Port Aggregates Inc. Embodies Timeless Gold Rush Wisdom, Supplying Essential Materials for Oilfield Infrastructure.

The old maxim of selling pickaxes during a gold rush instead of taking a chance with a mine is being practiced by Port Aggregates Inc. as its business supplying limestone for oilfield roads, precast concrete for oilwell pads in marshes and ready-mix concrete booms. President, CEO and co-owner Andrew Guinn Sr. calculates that producing 550,000 cubic yards of ready-mix concrete and 1 million tons of limestone annually for the energy and construction industries makes Port Aggregates the largest ready-mix producer and limestone distributor in southwest Louisiana.

Port Aggregates has 125 ready-mix trucks, 40 trucks that supply aggregate and bulk haulers of cement and ash, and 27 sites where aggregate is distributed, of which 21 have ready-mix plants that are part of the company’s subsidiary called PAI Ready-Mix LLC. Precast concrete from another Port Aggregate subsidiary, PAI Precast LLC, is used to construct oilwell platforms in marshes or on inland waterways.

Precast Well Platforms
“Sometimes, companies drill a well off a barge, and at that point, they drive pilings and put a concrete platform there,” Guinn explains. “We build those platforms in precast sections at our plant in Jennings, La. They are put on barges and shipped out to these water locations. We’ll block out a section where the well comes through that is sealable so they can capture all the rainwater and run it into a holding tank where it is treated or separated to keep any oil from going into the natural water system.”

The pilings might extend from 6 to 8 feet above the water level. Caps are set on the pilings and the precast concrete slabs on top of the caps. “We can build platforms as big as 5 acres and as small as 200 square feet,” Guinn says. “It’s whatever they want. We build them in sections, and the sections are placed. We have tie-bolt systems that go through the slabs. The tie-bolts are tightened up, and the slabs are pulled together to make one solid slab. They can be sealed with a sealant that is not susceptible to any type of petroleum-based products, so it doesn’t melt the seals or anything else. Once you seal it, it’s sealed. They are pliable, so they move with expansion and contraction for heat and cold. They make a waterproof container.”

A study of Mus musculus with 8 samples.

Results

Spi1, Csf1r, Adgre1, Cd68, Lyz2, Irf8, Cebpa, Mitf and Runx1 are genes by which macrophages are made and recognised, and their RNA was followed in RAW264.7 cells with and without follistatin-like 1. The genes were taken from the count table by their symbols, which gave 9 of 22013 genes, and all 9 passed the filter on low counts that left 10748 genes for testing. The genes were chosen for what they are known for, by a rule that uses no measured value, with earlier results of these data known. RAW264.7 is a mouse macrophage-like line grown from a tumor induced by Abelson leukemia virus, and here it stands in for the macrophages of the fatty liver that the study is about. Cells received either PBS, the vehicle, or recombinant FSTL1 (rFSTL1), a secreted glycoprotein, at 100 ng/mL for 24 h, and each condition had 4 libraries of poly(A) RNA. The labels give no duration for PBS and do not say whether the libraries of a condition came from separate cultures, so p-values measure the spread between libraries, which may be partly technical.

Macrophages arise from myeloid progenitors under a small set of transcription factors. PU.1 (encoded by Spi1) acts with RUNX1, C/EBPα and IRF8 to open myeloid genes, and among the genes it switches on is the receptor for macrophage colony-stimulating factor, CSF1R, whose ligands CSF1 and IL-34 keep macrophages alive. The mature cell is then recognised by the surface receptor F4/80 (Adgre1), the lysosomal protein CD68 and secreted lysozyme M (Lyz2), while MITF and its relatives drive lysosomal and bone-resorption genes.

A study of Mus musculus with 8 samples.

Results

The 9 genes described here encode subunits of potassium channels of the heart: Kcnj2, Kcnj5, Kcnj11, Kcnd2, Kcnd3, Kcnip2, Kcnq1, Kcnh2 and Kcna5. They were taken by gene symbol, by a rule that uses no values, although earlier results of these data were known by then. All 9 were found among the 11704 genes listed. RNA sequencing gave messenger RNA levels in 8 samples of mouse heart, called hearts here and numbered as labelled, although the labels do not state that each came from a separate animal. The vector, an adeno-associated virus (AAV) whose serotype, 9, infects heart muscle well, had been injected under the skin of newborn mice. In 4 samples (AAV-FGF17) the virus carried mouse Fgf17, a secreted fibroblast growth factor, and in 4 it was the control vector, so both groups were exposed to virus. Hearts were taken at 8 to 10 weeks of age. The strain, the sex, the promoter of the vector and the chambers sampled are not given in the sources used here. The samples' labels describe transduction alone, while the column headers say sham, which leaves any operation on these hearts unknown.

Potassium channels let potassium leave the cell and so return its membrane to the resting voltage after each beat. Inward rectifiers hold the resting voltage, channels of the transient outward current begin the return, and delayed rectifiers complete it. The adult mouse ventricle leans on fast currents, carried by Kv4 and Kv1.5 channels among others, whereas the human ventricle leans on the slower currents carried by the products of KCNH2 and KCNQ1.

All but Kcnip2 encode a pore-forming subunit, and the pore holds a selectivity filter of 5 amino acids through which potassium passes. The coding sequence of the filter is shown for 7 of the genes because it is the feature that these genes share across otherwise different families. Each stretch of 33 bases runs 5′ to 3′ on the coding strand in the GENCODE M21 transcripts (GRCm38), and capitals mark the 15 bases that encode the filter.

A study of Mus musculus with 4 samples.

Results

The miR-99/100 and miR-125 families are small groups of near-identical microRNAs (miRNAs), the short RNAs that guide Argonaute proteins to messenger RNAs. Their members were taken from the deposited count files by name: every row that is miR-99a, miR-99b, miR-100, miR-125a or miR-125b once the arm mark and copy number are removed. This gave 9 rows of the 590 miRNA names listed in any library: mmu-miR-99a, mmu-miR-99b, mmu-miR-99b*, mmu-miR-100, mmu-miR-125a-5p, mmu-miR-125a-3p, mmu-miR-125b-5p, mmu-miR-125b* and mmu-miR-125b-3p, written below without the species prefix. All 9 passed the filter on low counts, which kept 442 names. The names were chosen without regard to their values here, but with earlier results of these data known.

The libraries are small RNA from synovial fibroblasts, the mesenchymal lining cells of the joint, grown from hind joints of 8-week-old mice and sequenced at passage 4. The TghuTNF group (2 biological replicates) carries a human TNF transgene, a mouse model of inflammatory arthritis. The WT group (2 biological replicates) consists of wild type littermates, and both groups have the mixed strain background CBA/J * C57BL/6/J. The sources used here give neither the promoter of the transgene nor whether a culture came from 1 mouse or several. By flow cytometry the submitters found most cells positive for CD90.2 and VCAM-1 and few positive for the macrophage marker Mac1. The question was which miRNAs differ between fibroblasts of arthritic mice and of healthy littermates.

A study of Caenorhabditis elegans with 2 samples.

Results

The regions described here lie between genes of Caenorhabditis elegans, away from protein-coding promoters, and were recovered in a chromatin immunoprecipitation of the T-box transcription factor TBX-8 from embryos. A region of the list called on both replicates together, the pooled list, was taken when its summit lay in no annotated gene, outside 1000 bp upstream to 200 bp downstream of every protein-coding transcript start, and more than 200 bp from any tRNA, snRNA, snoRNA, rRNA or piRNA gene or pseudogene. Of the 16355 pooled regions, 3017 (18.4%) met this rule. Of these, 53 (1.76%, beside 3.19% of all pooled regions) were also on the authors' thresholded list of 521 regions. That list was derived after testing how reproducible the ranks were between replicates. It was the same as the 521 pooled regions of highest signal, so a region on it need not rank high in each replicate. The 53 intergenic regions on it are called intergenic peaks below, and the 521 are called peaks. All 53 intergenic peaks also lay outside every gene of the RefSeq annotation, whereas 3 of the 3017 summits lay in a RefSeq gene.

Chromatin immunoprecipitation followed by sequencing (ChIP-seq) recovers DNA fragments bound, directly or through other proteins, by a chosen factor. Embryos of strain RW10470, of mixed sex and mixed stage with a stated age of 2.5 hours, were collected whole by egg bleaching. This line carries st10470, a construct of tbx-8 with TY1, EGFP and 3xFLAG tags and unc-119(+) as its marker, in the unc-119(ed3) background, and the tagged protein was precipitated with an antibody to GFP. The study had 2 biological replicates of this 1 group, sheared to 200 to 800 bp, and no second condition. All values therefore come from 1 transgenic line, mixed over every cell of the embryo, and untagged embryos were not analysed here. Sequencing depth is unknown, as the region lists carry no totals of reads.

Gravel Roads
Port Aggregates distributes white and gray limestone from Vulcan Materials. Two grades – a base course called mudrock whose individual stones measure approximately 1 inch by 4 inches – and a top layer with finer stones called inch-and-a-half minus are used to pave the roads. The output of oil or natural gas from a well determines how often Port Aggregates has to truck out more limestone for the well operator to repave the road.

“For the majority of those well sites, the petroleum product is hauled out by truck, so the roads get under pretty good stress,” Guinn notes. “What’s so beneficial to us is that when an oil company puts in a road and then has a well, even if the well goes down, generally it’s on a farm or a ranch. The farmer at that point most likely will take up the road. He doesn’t want to get rid of it – it’s access into his property. They have a lot of say-so where the roads go, anyway. So he’ll pick up the maintenance on it.

“We have accounts with farmers, ranchers and agricultural people,” Guinn continues. “They might once every five years do just a little bit and patch a few holes and dress it up with tractors and blades. It’s definitely repeat business, which is a big, big portion of our business.” Guinn estimates that 60 to 70 percent of his revenue is from repeat customers. Port Aggregates also supplies limestone for use at coke-burning electricity co-generation plants to produce lime and as a byproduct to scrub the sulfur out of the emissions.

Guinn attributes his success to hard work and long hours. He calculates that approximately $88 billion will be spent in southwest Louisiana on new energy industry facilities during the next 10 years, and Port Aggregates and many other suppliers to the energy industry will benefit. “It looks good for the Lake Charles area,” he concludes.